I Just Turned 50 and I Still Don’t Understand Money
Just before my fiftieth birthday this past spring I was driving with a friend I’ve known for more than thirty years. Ours is a strange friendship. When we’re together there’s no idle chitchat or the exchange of juicy gossip. Instead all our conversations veer towards subjects profound: love, the merits of marriage or whether it’s better to forgive one’s drunken father’s failings or hold him accountable, forever. In truth, it can be exhausting. Sometimes I just want to dish about whose thighs have gotten fat or what really happened to Al Gore and Tipper’s marriage.
As I waited for my friend to pick me up I just knew that my turning fifty would mean some reckoning, some thorough reassessment of my life. I watched her car pull up with deep trepidation and had to laugh when before I had even done up my seatbelt she turned to me and said, “What do you owe money?”
Of all the subjects, my career, my marriage, I didn’t think money would be what we’d try to get to the bottom of while heading north to her country place, mostly, because I have no clue about money.
I turned and looked at my friend. Her lips were pursed and her jaw ridged. I knew then that I wouldn’t be able to joke my way out of this one. So I stalled.
“What do you mean?”
“You owe money your attention, your respect, your time,” she said. “You, on the eve of the second half of your life, have to start thinking about money, start being responsible for it.”
I stared out at the city we were leaving. If I had had the courage I would have jumped out of the car and made a run for it. How do you defend yourself against a lifetime of not making, understanding, knowing, getting, or even winning money?
To my friends who understand money, I’m a freak. For them, my not seeing how money works is as strange as not understanding something as simple as up and down, which, when you think of it, is best knowable as a physical concept. I believe driving north takes longer than driving south. I just do, and I can’t help it. Same with money. I think it is a tangible real force. And it has as much hold on us as gravity, our DNA, or chocolate.
And if something is that real, it can be that illusive. Which isn’t to say, of course, that every man on earth doesn’t feel the difference between money in his pocket or vice versa. At least I know I’m not alone. There are millions of us out there and probably have been since the first coins exchanged hands. Just think of Mozart who, while composing like a fiend, was constantly scrambling to make the rent (boy do I know that!) Or Butch Cassidy who, at least according to the movie, when asked in all seriousness by Sundance’s girlfriend, Etta, where the money that they had worked so hard to steal has disappeared to, Butch replies in all honesty he has no idea. However, not understanding money doesn’t divorce us from having strong opinions about how it should behave. My own father, for as long as I can remember, is wont to pound on the table and exclaim that all the world’s ills come down to interest. He’s actually in some good company on this one. Both Aristotle and St. Thomas Aquinas preached that things should have an absolute worth. Although, in my father’s case, he probably doesn’t want money making money because it would only make more of something that so far he’s never managed to get his hands on.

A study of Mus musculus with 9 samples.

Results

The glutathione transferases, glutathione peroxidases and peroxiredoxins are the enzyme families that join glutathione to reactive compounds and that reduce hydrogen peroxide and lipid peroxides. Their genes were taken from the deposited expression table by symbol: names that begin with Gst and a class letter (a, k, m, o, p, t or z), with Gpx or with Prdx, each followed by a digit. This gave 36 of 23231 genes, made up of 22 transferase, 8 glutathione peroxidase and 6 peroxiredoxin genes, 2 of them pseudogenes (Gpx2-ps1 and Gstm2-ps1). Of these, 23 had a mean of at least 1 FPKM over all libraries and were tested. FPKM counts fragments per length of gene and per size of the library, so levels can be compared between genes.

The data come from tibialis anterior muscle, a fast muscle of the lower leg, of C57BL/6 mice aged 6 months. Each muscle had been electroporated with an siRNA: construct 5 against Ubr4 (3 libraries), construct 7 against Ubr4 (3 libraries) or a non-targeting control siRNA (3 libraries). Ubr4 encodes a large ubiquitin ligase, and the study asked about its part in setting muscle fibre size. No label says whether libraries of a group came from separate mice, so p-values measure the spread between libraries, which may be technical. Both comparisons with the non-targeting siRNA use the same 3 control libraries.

I have tried to figure out where my money goes. Over time I’ve kept receipts and dutifully gone online to stare uncomprehendingly at my meagre sums. Even so from one day to the next it’s gone. And trust me, I’m not sitting here swathed in Louis Vuitton, nor am I on a first name basis with the hot chefs in town. Personally, I think my money gets bored by not being challenged enough and just decides to lope off to fill someone else’s bank account leaving me scratching my head.
But how to explain this to my friend? We had now broken free of the city proper but not even the fresh spring scent or the beautiful lush green of the newly hatched leaves was enough to relax her jaw. The problem was I could tell she wanted me to declare what I was worth. Not my net worth. Zero! But what I thought I should be paid for what I did.
Now here is where money gets really tricky. I am a writer. All day long that’s what I do, sit in a room and write about what consumes me. And yet, call me nuts, I am always completely surprised when someone pays me. They have put a price tag on my words. And that seems utterly surreal. And because I’m unsure what this price tag on my words really means, somehow I don’t feel responsible for the money that I have earned. If we were cartoon characters, I’d be in one corner eyeing money suspiciously while money, in the other corner, would be lolling about, preening itself, decidedly indifferent to me.
In order that my weekend in the country wouldn’t be a total bust, I had to come up with some new money-view, money-plan, some sophisticated way of thinking fitting of a newly minted fifty-year-old woman, one too that would make my friend happy. But what?
Believe me I spent the rest of the ride trying to think of ways to mitigate my adversarial relationship with that filthy lucre but I came up with nothing, absolutely nothing.
Then just before we turned off the highway something occurred to me. I turned to my friend and said with the most righteous tone I could muster. “Hey, wait a minute. Shouldn’t your question be, “What does money owe me?”